However, if your symptom persists, you must seek medical attention. Some underlying conditions can be cured or at least slowed if treated early enough.  

Even if the condition can't be cured, healthcare professionals will be able to help you find solutions to deal with tinnitus.

So when should you see a doctor for tinnitus?

Below are some indicators that you should discuss your tinnitus symptoms with a healthcare professional immediately. 

You’ve experienced ringing in the ears for more than a week

If you woke up this morning with a slight ringing in your ear, it might not be anything to worry about. Perhaps you have water in your ear from last night's pool party or a buildup of wax.

However, if you've experienced a constant ringing, static or buzzing sound for at least a week, you should contact a doctor to see if there is an underlying condition.

Therefore, even if your tinnitus is bearable, don't hesitate to go to a doctor if your symptoms persist.

You’re experiencing discharge from the ear

If you're experiencing discharge from an ear and also experience a constant ringing or buzzing (tinnitus), you may have an ear infection. 

Ear infections are particularly common in children with four out of five children experiencing an ear infection before their third birthday. An ear infection occurs when an infection overtakes the air-filled space in the middle ear. The ear is typically painful to the touch. 

While some ear infections go away on their own, you can contact your doctor to receive an antibiotic to speed up the healing process. If left untreated for an extended period of time, ear infections can result in hearing loss, mastoiditis, perforation of the eardrum, and more.

This type of tinnitus usually isn't lasting, but it's worth getting a doctor's opinion.

You feel dizzy or nauseous

If dizziness or nausea accompanies your tinnitus symptoms, you should contact a doctor immediately. While there are multiple causes for tinnitus, dizziness and nausea are also symptoms of Meniere's disease. There is no cure for Meniere's disease right now, but treating it quickly will help slow the disease's progression.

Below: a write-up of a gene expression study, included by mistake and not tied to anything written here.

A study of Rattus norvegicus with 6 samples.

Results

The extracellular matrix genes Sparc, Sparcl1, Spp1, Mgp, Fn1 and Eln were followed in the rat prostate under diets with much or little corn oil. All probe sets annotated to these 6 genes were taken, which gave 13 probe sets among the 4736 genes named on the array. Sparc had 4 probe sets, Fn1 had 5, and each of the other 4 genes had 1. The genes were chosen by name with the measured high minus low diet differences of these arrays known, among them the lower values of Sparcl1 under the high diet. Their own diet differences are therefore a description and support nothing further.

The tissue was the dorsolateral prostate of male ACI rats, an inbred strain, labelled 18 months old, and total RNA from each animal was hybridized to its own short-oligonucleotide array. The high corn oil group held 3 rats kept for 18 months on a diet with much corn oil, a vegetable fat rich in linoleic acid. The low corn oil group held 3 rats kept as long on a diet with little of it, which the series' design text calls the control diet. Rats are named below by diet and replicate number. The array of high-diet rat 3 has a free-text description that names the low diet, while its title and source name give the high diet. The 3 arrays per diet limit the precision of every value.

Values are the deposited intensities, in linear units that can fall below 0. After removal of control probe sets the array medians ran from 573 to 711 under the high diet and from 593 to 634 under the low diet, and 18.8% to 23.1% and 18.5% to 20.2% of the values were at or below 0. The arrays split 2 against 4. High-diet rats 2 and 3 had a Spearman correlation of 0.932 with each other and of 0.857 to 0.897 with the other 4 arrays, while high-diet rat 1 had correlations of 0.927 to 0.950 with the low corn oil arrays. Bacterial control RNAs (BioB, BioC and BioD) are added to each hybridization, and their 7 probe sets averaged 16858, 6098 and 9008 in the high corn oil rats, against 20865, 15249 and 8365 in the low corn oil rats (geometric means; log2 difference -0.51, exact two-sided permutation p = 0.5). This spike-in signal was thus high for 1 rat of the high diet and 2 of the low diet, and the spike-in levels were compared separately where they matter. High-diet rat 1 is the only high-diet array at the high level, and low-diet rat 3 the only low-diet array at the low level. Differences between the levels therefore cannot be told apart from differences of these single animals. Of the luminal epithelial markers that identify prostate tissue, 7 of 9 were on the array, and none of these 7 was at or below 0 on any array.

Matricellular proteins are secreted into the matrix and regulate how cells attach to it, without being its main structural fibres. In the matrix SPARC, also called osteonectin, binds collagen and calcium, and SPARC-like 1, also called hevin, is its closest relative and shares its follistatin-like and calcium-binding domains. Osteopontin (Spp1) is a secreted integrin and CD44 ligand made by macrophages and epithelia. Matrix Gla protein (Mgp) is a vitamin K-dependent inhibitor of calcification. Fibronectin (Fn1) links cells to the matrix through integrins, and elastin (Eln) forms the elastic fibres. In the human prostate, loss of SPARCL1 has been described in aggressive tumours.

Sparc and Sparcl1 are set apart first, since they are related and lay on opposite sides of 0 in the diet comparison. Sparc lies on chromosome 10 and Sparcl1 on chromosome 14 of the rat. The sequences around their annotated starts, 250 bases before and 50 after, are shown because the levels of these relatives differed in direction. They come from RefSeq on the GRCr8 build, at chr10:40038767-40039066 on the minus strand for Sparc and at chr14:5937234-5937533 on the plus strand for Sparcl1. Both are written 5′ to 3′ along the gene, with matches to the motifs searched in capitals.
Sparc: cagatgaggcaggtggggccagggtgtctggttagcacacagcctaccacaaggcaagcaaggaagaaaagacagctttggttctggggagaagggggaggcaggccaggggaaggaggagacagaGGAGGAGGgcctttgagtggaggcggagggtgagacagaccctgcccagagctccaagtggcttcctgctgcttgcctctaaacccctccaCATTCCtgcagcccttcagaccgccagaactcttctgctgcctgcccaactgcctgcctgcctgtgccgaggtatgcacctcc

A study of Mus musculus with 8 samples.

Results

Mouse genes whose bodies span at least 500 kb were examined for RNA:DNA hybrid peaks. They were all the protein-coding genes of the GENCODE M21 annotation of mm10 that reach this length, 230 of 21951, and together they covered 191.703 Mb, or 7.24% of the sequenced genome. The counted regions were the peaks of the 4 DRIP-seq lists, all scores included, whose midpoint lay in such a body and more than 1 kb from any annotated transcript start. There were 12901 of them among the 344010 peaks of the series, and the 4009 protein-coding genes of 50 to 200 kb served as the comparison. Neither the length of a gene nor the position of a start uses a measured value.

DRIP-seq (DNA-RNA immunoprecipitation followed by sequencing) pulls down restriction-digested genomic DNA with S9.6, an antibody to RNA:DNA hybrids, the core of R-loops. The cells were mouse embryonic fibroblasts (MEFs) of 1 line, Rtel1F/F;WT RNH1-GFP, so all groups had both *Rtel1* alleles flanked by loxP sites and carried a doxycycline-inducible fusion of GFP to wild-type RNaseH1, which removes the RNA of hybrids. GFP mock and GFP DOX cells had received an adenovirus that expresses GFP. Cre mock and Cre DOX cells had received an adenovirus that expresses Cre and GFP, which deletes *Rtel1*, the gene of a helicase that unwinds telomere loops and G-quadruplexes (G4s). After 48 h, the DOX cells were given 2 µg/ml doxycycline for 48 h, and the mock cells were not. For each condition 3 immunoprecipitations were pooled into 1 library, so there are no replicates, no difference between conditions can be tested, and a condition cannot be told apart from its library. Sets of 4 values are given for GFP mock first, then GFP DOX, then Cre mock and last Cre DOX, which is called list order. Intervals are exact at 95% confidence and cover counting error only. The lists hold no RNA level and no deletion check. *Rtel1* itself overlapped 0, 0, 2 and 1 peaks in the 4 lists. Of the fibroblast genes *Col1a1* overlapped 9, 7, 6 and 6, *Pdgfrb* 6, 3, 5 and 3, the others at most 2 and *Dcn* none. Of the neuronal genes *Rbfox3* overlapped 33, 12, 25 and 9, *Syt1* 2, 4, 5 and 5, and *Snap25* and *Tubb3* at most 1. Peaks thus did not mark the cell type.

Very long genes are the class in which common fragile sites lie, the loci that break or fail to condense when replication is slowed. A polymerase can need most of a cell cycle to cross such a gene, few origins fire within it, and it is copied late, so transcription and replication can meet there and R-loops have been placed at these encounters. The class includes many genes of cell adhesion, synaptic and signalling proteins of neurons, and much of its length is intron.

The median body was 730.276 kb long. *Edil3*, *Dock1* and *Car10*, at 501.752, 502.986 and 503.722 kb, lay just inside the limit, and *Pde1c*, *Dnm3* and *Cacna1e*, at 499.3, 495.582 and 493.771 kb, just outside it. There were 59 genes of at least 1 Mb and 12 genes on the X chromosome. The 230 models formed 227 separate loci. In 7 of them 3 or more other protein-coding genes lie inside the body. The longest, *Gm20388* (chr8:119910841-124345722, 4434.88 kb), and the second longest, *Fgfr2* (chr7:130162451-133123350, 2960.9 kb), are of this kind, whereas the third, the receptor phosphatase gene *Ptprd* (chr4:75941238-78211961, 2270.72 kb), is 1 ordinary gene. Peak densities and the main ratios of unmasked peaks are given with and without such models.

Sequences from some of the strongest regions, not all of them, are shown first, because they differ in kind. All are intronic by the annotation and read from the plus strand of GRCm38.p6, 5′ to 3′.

In the meantime, you should avoid caffeine, tobacco, high sodium foods, and even chocolate.

While Meniere's is a rare disease that affects only about 0.2 percent of American adults, it should be seriously examined.

You only experience symptoms in one ear

Tinnitus usually occurs bilaterally (in both ears). However, if you experience tinnitus unilaterally (one ear ringing), you should talk to a doctor as soon as possible. 

Unilateral tinnitus is usually a sign of Meniere's disease, or Idiopathic Sudden Sensorineural Hearing Loss (ISSNHL). ISSNHL is quite serious, and studies have shown that patients that are treated earlier (in say 24 hours) have a much higher recovery rate. In fact, most doctors will refer you to a specialist for a same-day appointment to begin treatment immediately.

The symptom is rhythmic with your pulse (pulsatile)

Tinnitus noises can be constant or infrequent, though if you notice it's steady with your pulse, you should make a doctor's appointment sooner than later. 

Pulsatile tinnitus can be an indicator of anything from high blood pressure and vascular malformations to head and neck tumors or aneurysms.

However, the majority of underlying conditions are not very serious, and pulsatile tinnitus is usually just an indicator of a blood vessel with fluid in the eardrum.

Only 10 percent of all tinnitus patients suffer from pulsatile tinnitus, and it is often audible to doctors as well.

What Kind of Doctor Treats Tinnitus?

As nearly 90 percent of those with tinnitus also experience hearing loss, a tinnitus audiologist is an ideal doctor for hearing loss. The audiologist will give you a tinnitus hearing test to see what is causing your tinnitus and better understand how to treat it. You will be able to live with tinnitus and there are options to increase your quality of life.